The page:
As much as I love this one friend of mine, nothing is private when we’re together. You probably have a friend like this. The relationship is really great so you stay friends despite all, but this particular friend simply cannot know something about you without sharing it with others no matter how hard you try to get them to understand it’s totally uncool.
Facebook Is an Open Book
They did it again this week with news that 419 million records, including phone numbers and user IDs, were scraped from Facebook and stored in a database that was just sitting online accessible to anyone who might like to peruse it. More than 130 million of those compromised by the discovery were American users. Another 18 million were UK users. A whopping 50 million hailed from Vietnam.
Facebook later claimed about half that number were affected, or 220 million records.
The information is at least a year old, which was when Facebook stopped allowing developers to have user phone numbers. So, we can call this a Facebook privacy facepalm legacy attack. It’s a sad state of Facebook privacy news fatigue that the urge is so strong to create privacy fail sub-categories—but there you have it. Introducing the legacy fail.
Why It Matters
Some of the information out there was granular enough to allow a variety of scams, but the most serious is SIM-card swapping scams, where a criminal, armed with enough information about you, and most crucially your phone number, arranges to have your number moved to a phone in the criminal’s possession.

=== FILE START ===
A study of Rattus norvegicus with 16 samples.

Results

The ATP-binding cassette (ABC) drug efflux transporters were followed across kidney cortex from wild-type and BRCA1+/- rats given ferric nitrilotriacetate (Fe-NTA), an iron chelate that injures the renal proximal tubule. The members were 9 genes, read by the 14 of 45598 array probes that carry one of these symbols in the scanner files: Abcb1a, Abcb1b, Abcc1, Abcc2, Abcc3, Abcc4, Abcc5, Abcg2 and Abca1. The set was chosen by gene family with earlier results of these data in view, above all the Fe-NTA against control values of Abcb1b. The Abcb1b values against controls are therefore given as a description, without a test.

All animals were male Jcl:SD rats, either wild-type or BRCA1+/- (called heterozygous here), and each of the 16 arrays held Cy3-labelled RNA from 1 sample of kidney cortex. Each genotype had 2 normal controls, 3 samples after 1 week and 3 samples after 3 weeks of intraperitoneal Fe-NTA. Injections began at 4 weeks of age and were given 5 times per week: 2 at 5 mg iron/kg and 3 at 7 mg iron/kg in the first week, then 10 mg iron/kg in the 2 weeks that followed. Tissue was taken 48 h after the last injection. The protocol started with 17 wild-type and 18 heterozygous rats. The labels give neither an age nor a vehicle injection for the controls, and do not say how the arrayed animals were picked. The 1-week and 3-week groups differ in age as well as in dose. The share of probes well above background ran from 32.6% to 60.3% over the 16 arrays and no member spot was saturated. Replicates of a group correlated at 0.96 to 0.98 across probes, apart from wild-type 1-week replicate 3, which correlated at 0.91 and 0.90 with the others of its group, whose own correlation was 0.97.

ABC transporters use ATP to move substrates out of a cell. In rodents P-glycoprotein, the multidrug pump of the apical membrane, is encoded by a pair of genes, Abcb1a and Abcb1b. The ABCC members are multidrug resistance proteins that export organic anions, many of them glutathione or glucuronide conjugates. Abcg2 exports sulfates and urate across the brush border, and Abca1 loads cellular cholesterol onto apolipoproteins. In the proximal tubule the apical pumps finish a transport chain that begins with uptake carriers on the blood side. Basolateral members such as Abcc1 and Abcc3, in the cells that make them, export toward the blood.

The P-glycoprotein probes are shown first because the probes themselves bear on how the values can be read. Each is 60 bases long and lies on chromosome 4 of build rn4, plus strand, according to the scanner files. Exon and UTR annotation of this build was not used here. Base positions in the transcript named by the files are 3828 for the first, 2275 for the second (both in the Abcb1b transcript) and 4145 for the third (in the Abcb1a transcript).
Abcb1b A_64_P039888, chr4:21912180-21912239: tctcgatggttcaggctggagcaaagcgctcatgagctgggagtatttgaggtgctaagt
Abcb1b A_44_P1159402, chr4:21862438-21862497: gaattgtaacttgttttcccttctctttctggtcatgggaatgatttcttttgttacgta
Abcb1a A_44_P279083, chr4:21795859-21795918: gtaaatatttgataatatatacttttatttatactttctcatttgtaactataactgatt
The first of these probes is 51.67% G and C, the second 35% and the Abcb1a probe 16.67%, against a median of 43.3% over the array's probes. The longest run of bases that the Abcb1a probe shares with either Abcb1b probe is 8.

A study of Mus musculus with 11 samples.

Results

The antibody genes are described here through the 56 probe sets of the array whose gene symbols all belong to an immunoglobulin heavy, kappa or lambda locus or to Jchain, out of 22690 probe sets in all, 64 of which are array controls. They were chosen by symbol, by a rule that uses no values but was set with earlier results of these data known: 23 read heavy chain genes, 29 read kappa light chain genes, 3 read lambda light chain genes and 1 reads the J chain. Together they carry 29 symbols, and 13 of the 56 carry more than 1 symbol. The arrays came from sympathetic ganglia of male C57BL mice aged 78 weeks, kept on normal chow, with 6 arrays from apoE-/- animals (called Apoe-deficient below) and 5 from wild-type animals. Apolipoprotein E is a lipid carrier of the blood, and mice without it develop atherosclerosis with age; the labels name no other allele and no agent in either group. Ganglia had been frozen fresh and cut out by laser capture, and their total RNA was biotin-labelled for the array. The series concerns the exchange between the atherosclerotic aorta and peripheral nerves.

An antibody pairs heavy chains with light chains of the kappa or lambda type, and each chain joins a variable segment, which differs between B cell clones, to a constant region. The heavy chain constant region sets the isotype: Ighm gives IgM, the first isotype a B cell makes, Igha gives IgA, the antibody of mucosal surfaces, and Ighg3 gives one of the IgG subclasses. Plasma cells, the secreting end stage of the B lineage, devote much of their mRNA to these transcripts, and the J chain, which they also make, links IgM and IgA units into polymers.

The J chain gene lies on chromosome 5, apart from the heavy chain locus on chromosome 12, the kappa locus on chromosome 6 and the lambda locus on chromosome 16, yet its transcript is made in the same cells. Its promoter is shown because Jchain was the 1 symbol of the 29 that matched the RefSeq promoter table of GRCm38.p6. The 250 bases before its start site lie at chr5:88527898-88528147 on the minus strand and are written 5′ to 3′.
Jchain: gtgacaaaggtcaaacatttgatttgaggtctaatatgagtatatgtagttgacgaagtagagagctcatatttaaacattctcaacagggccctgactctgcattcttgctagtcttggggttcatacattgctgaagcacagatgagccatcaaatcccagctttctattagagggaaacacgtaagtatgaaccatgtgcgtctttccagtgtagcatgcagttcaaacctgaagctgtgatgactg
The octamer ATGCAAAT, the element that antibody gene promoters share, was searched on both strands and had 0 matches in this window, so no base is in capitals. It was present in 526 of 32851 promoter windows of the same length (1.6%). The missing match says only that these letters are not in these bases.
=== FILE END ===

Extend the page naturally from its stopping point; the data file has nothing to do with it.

Once the number has been transferred, the criminal has control of any accounts that are identified by caller ID (including many financial institutions) as well as any accounts protected by two-factor authentication. It is believed this was the method used to recently hack Jack Dempsey’s Twitter account.
What You Can Do
Assume that you are a target, and tighten your protections. Your phone provider will have tips on the best practices to avoid SIM-card attacks, and common sense can be your guide regarding any unexpected phone calls, and practice the Three Ms:
Minimize your exposure. Don’t authenticate yourself to anyone unless you are in control of the interaction, don’t over-share on social media, be a good steward of your passwords, safeguard any documents that can be used to hijack your identity, and freeze your credit.
Monitor your accounts. Check your credit report religiously, keep track of your credit score, review major accounts daily if possible. (You can check two of your credit scores for free every month on Credit.com.) If you prefer a more laid back approach, see No. 5 above.
Manage the damage. Make sure you get on top of any incursion into your identity quickly and/or enroll in a program where professionals help you navigate and resolve identity compromises–oftentimes available for free, or at minimal cost, through insurance companies, financial services institutions and employers.